8.5" x 11"
Acrylic on Paper
I love old movies-really old movies! Even black and white movies. One time, I was watching an old movie in black and white, and my youngest grandson asked, "Grandma, when did the world change from black and white to color?" I still laugh when I think about that.
Of course, it is helpful for artists to do value studies in black and white, whether that is in oil paint, acrylics, charcoal, pencil, tempera, ink, or whatever the media of choice is. Maybe watching all those old movies has made it easier for me to do those studies using only neutrals.
In the painting above, I had been watching an old movie from my bed. I blinked and tried to clear up the image, but it didn't help. I had to walk over to the tv set to see what movie I was watching. I could see a woman in a triangular shaped dress, wide at the shoulders, silver, with spangles on it. There were a couple of men, dressed in dark clothing, in the scene. Other characters were sort of smeared into the picture, with some rectangular, tall shapes that I thought might be fence posts or buildings. What looked like some Art Deco art to me, was actually a western movie. Men were dressed in dark suits, a woman, perhaps a dance hall girl, was dressed in a silver, spangled dress. It was a western street with buildings in the back and a sign near the woman. Actually, this image was sharper than what I actually saw.
As I painted "Black & White Movie", I was very aware that, although I was trying to paint something that was distorted and blurred, my brain was insisting that I paint something more realistic. Something that showed characters and buildings while still concentrating on contrast, light and shadow, and shapes. It seemed like a battle between the left and right brain. I wanted to let that right brain work, but that left brain just had to have its say in what I was doing.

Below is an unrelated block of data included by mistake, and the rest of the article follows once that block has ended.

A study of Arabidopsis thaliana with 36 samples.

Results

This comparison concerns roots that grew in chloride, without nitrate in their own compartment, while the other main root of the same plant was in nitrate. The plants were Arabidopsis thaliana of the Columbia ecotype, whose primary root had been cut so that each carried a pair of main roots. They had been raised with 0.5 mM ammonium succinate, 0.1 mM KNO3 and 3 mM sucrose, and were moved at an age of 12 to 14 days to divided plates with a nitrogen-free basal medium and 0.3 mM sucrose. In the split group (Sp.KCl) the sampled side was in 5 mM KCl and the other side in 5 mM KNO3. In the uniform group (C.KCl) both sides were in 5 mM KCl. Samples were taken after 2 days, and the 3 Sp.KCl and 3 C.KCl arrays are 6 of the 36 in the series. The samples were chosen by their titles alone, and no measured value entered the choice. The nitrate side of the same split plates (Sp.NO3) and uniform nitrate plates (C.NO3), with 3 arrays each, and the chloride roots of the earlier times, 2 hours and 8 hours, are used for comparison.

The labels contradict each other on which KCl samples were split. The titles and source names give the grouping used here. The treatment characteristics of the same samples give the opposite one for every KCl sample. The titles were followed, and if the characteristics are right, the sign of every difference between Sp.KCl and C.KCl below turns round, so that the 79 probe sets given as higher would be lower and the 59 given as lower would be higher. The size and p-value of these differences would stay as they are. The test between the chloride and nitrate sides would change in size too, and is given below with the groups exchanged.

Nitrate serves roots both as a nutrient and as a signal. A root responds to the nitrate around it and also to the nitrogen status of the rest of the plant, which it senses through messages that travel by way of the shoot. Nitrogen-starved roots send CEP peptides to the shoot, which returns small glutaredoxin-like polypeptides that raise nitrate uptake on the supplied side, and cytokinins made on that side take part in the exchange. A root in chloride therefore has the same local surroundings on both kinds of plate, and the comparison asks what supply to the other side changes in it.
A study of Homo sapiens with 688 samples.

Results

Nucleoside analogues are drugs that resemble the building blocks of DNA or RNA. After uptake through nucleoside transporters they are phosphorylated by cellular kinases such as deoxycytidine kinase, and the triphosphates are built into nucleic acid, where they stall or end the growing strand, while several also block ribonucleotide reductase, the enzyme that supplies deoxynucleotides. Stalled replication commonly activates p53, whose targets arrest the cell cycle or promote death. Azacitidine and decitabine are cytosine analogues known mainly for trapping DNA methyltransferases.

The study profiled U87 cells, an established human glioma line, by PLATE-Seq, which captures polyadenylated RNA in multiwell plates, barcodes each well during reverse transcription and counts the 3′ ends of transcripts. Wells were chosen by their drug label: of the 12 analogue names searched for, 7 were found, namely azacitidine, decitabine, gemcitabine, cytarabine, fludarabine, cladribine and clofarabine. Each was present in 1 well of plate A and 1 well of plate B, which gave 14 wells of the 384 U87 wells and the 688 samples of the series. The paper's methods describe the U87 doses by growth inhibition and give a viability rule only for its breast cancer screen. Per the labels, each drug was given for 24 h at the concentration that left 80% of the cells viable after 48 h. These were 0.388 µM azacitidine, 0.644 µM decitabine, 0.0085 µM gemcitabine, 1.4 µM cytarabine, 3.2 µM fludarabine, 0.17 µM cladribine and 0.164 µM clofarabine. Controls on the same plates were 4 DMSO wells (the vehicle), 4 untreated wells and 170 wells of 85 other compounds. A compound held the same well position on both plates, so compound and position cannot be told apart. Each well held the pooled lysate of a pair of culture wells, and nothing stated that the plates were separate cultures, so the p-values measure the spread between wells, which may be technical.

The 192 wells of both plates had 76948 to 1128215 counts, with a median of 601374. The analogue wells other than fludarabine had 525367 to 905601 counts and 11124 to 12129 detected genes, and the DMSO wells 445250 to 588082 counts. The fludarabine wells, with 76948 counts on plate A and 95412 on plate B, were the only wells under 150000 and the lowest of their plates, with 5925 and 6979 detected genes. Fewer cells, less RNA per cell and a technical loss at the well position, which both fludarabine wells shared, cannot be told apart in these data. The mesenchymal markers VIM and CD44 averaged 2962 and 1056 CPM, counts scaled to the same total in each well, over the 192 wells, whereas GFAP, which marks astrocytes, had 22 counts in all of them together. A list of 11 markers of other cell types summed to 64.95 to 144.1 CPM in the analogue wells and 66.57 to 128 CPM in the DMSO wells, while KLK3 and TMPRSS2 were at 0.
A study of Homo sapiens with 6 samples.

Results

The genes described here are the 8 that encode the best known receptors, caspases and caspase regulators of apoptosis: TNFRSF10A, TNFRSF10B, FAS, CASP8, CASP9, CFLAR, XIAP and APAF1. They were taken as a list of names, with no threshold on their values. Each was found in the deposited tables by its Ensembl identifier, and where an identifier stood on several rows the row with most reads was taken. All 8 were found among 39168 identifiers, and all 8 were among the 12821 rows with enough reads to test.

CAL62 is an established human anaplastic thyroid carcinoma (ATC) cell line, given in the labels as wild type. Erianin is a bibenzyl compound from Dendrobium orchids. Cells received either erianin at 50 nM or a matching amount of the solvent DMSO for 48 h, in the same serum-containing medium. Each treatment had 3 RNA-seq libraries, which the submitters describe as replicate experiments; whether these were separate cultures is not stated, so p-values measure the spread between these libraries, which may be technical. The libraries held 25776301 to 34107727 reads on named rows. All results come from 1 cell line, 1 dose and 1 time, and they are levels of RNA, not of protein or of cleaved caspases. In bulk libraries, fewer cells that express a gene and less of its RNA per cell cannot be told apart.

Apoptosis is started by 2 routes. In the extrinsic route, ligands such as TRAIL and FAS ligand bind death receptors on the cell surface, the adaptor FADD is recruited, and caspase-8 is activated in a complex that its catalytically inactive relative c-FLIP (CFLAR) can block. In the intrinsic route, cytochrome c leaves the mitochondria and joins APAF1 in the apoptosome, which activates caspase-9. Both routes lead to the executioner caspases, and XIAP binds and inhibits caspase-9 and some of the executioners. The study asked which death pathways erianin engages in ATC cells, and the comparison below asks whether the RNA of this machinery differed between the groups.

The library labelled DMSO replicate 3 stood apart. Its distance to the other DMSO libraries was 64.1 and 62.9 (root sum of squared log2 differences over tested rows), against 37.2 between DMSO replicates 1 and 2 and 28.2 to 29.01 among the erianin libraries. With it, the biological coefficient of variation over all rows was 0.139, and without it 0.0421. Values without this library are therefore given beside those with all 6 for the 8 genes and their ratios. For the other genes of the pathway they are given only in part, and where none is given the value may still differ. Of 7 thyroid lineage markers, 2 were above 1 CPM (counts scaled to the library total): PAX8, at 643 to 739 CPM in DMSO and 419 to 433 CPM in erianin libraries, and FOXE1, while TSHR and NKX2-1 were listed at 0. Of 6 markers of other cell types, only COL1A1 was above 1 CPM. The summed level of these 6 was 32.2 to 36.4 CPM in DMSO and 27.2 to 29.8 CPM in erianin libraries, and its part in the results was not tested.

I was determined to show what I was seeing, so I kept working on different versions. I seemed to work backward, from a more detailed painting, then taking away and distoring in subsequent pictures. There are six of these, each a little different. The last one, shown above, is closer to what I was seeing.
I began to think that my characters were more like Art Deco people than people in a western movie. I thought of the movie and song "42nd Street" as the paintings developed. Slick, greasey, black hair and tuxes for the men; slinky, clinging dresses and slick, waved hair for the ladies. A street scene that looks like a set for a dance number. I didn't want the painting to be about 42nd Street, so I decided to call it "Deco Street".
I actually like a lot of the old 20s, 30s, and 40s designs, including Art Deco, modern, and streamlined. I appreciate it more now, than I did when I was younger, and there were more of the original designs from that period still around.
I used only black, white, and silver acrlyic in this series of paintings. The metallic silver doesn't show up as well in the scans as they do in the original. Here, they are another gray tone. They are all on paper rather than canvas. I thought these little paintings might be studies for something larger on canvas, if they were successful as small pieces. And, too, I wanted to record the images I was seeing before I forgot them.
8.5" x 11"
Acrylic on Paper
I had a little trouble posting the past few days, but Blogger seems to be working again, and I figured out what I was doing wrong, as well. Whew! That was frustrating. But look for more work to come.